Whether you're carpooling kids to their afterschool activities or meeting some clients for dinner, fitting an hour-long workout into your day may seem nearly impossible. But exercise doesn’t have to happen all at once. In fact, breaking up your activity into short increments throughout the day may give you benefits that go beyond your physical health.
Let’s be honest, many of us could add more movement to the day. A study by the Centers for Disease Control and Prevention (CDC) found that one in four American adults sit for more than eight hours a day – with almost half (44 percent) getting little to no physical activity each week. This does not meet the physical activity guidelines set by the U.S. Department of Health and Human Services, which suggests adults should try to fit in the following exercises each week:
- At least 75 minutes of aerobic exercise, such as running
- At least 150 minutes of moderate aerobic activity, such as brisk walking
- Muscle-strengthening activities, such as weight-lifting, twice weekly
These guidelines may seem daunting and time-consuming with a demanding schedule, but the updated recommendations suggest trying to accumulate physical activity throughout the day. According to a study published in the Journal of the American Heart Association, several short workouts throughout the day are just as effective as one long duration workout – as long as the minutes add up to 150-300 each week.
“Multiple quick bursts of exercise will burn additional calories throughout the day, increase circulation to the brain for improved focus and clarity and provide better sleep,” said Casie Robinette, a certified strength and conditioning specialist, personal trainer and Pilates instructor.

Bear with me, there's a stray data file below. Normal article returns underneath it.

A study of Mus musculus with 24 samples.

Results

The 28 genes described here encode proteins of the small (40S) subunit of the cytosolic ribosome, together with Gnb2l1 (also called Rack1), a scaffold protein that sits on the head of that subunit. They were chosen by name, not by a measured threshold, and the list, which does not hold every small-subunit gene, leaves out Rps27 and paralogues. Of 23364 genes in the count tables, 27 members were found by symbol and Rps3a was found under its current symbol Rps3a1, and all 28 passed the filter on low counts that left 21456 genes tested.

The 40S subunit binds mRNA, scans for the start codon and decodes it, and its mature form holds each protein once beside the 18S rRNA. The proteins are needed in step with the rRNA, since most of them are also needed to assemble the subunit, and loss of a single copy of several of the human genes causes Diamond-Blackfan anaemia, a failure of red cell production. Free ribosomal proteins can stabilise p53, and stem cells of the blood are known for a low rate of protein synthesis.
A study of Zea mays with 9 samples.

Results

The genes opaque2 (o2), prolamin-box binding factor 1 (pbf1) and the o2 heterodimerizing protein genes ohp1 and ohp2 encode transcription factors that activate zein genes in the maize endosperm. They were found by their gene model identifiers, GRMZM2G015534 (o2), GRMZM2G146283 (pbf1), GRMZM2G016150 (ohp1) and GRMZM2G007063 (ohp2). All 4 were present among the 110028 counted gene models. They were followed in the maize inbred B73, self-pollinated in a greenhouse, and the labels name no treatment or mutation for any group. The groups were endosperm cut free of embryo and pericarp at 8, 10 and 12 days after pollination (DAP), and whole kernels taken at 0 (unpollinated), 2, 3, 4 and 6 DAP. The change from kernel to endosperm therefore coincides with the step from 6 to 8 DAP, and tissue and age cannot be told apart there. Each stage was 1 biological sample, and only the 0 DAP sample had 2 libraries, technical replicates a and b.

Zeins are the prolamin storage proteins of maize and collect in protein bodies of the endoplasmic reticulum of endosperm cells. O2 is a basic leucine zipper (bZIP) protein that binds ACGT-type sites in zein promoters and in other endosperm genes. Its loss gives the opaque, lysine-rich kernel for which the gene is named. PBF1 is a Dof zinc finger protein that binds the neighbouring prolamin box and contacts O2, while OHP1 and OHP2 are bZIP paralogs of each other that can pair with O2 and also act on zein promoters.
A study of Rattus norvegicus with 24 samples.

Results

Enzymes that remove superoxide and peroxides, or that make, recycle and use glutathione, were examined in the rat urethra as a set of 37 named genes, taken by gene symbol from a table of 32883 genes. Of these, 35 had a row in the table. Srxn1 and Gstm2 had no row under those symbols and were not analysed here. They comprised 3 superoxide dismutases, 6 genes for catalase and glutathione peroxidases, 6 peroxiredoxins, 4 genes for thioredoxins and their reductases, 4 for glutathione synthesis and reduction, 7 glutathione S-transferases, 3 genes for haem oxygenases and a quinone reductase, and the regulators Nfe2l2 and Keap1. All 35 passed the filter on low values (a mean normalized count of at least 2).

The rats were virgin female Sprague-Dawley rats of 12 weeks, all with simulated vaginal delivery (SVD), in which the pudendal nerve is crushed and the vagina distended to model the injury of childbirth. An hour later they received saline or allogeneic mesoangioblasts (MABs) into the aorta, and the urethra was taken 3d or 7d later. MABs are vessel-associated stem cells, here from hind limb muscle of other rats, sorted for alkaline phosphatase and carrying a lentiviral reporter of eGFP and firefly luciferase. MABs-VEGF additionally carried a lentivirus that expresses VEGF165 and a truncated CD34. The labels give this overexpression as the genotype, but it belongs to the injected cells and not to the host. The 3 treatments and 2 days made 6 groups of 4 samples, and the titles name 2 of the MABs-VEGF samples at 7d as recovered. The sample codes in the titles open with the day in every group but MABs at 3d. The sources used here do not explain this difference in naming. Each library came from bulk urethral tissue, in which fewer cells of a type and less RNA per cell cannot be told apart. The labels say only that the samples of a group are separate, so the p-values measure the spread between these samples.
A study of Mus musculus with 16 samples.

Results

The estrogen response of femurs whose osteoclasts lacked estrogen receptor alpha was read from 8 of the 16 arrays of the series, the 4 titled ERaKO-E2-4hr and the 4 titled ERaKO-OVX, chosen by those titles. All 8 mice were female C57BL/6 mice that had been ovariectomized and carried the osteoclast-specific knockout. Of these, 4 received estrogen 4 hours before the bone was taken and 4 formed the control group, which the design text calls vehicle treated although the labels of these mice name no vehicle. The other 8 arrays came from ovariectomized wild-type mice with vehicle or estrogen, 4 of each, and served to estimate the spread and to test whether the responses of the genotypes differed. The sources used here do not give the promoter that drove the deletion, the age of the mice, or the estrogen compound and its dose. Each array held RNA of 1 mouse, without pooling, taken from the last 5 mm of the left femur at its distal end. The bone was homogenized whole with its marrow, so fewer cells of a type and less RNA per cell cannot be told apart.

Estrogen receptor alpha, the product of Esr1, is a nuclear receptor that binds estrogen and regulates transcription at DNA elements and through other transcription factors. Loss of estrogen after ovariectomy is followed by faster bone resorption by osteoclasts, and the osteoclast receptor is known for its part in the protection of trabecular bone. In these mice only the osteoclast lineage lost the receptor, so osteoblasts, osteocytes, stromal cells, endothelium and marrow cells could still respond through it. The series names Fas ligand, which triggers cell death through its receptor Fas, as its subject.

Remember, just because you have a desk doesn’t mean you have to sit at it for eight straight hours. Try taking these little opportunities that Casie shared to get your heart rate up during the day. She suggests aiming to do the following exercises for 5 to 15 minutes about three to five times per day – mid-morning, lunch, afternoon and before or after dinner.
- Take the stairs on your way into work: 5 minutes
- Do a series of lunges or modified push-ups while you wait to heat up your lunch: 5-10 minutes
- Throw in some burpees or squat jumps by your desk: 5-10 minutes
Before or after dinner
- Go for a walk outside: 15 minutes
And just like that, you reached 30-40 minutes of activity for the day.
“A body in motion wants to stay in motion and the same goes for the reverse. By missing out on the opportunities to do your snackable exercises throughout the day you can feel sluggish, tired, depressed or frustrated,” Casie said.
Remember to alternate your snackable exercises with stretching to help release the tensions from sitting during the day.
If you need more motivation, challenge your spouse, friends, children or co-worker to see who can get the most minutes of movement in a week.